James Hanger is the co-owner and winemaker at OG Cellars located in Sunset. The winery opened in 2016, but James has quickly been making fans of his wine. This month we proudly present James Hanger as the monthly winemaker profile.
- What did you do before becoming a winemaker (if anything)?
I have been in the Oil & Gas Industry for twenty years.
- What is the toughest challenge about being a winemaker in Texas?
Patience. I do everything the hard way (except for bottling). I do barrel fermentations which means lots of labor hours preparing the barrels. I use a bladder press that is loaded using five gallon buckets, and then use a two gallon bucket and a funnel to fill the barrels. I prefer gravity flow and inert gas racking (I am not fond of pumps), which takes way longer than conventional methods. So, I’d say having patience is the toughest challenge. And a strong back.
- Is winemaking an art or a science or both?
Winemaking is both, but I lean more to the art side than the science. Yes, I perform the necessary steps and adjustments to make sure the wine is stable, but chemistry is not my background. I love the expression of the grapes. I love the romance of the barrels. I want to create the best tasting wine, yet I hope every vintage is slightly different.
- What is your favorite food and wine pairing?
My favorite is Tempranillo with grilled venison backstrap and smoked garlic cheese from Fischer’s Meat Market in Muenster, followed by more wine and a Montecristo No. 4 cigar.
- If you didn’t make wine, what would you do?
I think if I could do anything, it would be quality control for a hammock manufacturer. Yes, that sounds nice.
- What first attracted you to winemaking and how long have you been doing it?
I really got into Russian River Valley Pinot Noirs about 2007, especially single vineyard designates. Several wine clubs I belonged to sent notes from the winemaker along with the bottles, and I found myself studying them more and more. I picked out things I liked, styles that I liked, and started to look for these qualities in each bottle. About 2011, I started volunteering at Blue Ostrich Winery and Brushy Creek Vineyards during various vineyard activities: pruning, harvest, and crush. There I found Tempranillo, and they encouraged me to enroll in Grayson College and get an education. So, I did. I started making kits at home, and then bought fresh grapes and began making wines in 2012. Those wines won medals and I thought “let’s do this.” My awesome wife, Sammi, said go for it and here we are.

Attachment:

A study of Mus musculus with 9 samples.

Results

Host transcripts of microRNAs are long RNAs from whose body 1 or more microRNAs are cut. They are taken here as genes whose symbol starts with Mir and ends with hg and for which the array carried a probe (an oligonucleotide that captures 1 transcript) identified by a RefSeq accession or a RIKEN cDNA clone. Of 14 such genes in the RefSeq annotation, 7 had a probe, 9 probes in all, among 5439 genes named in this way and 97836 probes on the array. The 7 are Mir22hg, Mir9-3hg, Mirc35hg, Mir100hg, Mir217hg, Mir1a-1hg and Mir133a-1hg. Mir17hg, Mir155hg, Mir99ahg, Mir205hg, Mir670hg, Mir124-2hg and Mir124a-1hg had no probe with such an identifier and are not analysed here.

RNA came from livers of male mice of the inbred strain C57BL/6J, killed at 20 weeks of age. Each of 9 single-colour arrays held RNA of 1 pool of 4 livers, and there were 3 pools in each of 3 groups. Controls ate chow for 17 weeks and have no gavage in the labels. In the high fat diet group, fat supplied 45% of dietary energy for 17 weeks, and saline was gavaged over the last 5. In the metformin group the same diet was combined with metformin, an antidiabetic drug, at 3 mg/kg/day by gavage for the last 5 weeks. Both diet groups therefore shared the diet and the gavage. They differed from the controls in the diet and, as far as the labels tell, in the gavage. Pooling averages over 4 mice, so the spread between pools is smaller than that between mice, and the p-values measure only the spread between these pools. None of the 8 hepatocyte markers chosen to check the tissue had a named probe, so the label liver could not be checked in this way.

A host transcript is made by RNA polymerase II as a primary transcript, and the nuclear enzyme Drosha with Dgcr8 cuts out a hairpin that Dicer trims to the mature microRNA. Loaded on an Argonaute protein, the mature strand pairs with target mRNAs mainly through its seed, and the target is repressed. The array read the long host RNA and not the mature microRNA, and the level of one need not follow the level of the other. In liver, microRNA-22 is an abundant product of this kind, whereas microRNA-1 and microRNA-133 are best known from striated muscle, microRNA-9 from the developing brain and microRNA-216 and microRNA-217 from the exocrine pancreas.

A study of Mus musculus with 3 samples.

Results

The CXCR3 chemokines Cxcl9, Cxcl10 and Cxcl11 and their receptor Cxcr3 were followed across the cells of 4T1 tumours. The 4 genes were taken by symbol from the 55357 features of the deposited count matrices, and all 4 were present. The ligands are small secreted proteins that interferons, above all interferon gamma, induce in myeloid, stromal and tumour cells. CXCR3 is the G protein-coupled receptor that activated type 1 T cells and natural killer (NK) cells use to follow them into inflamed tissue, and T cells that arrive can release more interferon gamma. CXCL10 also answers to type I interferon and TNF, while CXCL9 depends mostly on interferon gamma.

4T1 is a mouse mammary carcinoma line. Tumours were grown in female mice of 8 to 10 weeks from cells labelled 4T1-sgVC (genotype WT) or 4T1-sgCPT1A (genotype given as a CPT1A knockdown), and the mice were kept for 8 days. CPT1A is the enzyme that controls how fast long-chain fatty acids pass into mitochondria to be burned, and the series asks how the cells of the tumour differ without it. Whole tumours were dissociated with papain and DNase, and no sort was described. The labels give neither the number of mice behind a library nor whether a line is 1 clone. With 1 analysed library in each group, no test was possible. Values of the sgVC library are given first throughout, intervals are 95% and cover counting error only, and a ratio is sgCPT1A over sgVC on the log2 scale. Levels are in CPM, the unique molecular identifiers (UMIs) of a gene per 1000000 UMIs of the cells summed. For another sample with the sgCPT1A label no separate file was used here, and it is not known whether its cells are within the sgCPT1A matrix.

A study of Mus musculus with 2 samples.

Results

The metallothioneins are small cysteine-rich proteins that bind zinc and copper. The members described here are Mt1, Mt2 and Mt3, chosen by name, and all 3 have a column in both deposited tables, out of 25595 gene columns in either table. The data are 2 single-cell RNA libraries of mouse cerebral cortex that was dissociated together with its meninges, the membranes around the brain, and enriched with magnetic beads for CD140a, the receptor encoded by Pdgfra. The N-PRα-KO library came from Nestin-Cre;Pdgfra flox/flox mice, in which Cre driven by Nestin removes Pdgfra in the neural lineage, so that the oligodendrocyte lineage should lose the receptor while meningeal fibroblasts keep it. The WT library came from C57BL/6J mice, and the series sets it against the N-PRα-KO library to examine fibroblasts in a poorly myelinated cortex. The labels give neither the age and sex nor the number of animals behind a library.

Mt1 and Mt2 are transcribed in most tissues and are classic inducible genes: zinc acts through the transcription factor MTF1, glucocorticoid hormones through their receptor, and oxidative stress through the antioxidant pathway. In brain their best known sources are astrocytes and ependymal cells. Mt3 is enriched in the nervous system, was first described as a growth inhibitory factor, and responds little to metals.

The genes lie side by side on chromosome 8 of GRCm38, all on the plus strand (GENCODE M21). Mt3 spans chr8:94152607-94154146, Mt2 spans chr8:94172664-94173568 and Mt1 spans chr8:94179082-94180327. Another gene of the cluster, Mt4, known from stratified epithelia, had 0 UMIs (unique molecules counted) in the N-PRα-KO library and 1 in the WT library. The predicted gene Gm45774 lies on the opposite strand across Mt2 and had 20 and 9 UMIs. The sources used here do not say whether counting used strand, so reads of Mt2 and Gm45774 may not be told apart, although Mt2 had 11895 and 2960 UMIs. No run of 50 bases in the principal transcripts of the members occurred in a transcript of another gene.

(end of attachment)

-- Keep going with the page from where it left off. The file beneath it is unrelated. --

- What is the most common question you are asked as a winemaker?
How do you get all of those other tastes in the wine? Did you add cinnamon (or cherries, oranges, pear, nuts, etc.)?
- After a long day in the winery or vineyard, what do you do?
Sleep! I wish…too much to do!
- What’s the greatest part about being a winemaker?
Hearing our customers tell me how much they enjoy the wine!
- What is your winemaking philosophy, that is, what are you trying to achieve with your wines?
I strive for all of my wines to have a long, smooth finish that lingers on the palate and says, “damn, that’s good…pour me another.”
- Anything else you would like to add?
Yes, as much as people seem to want OG to stand for Original Gangsta, it actually is our daughter’s initials. So, come see us – you won’t regret it.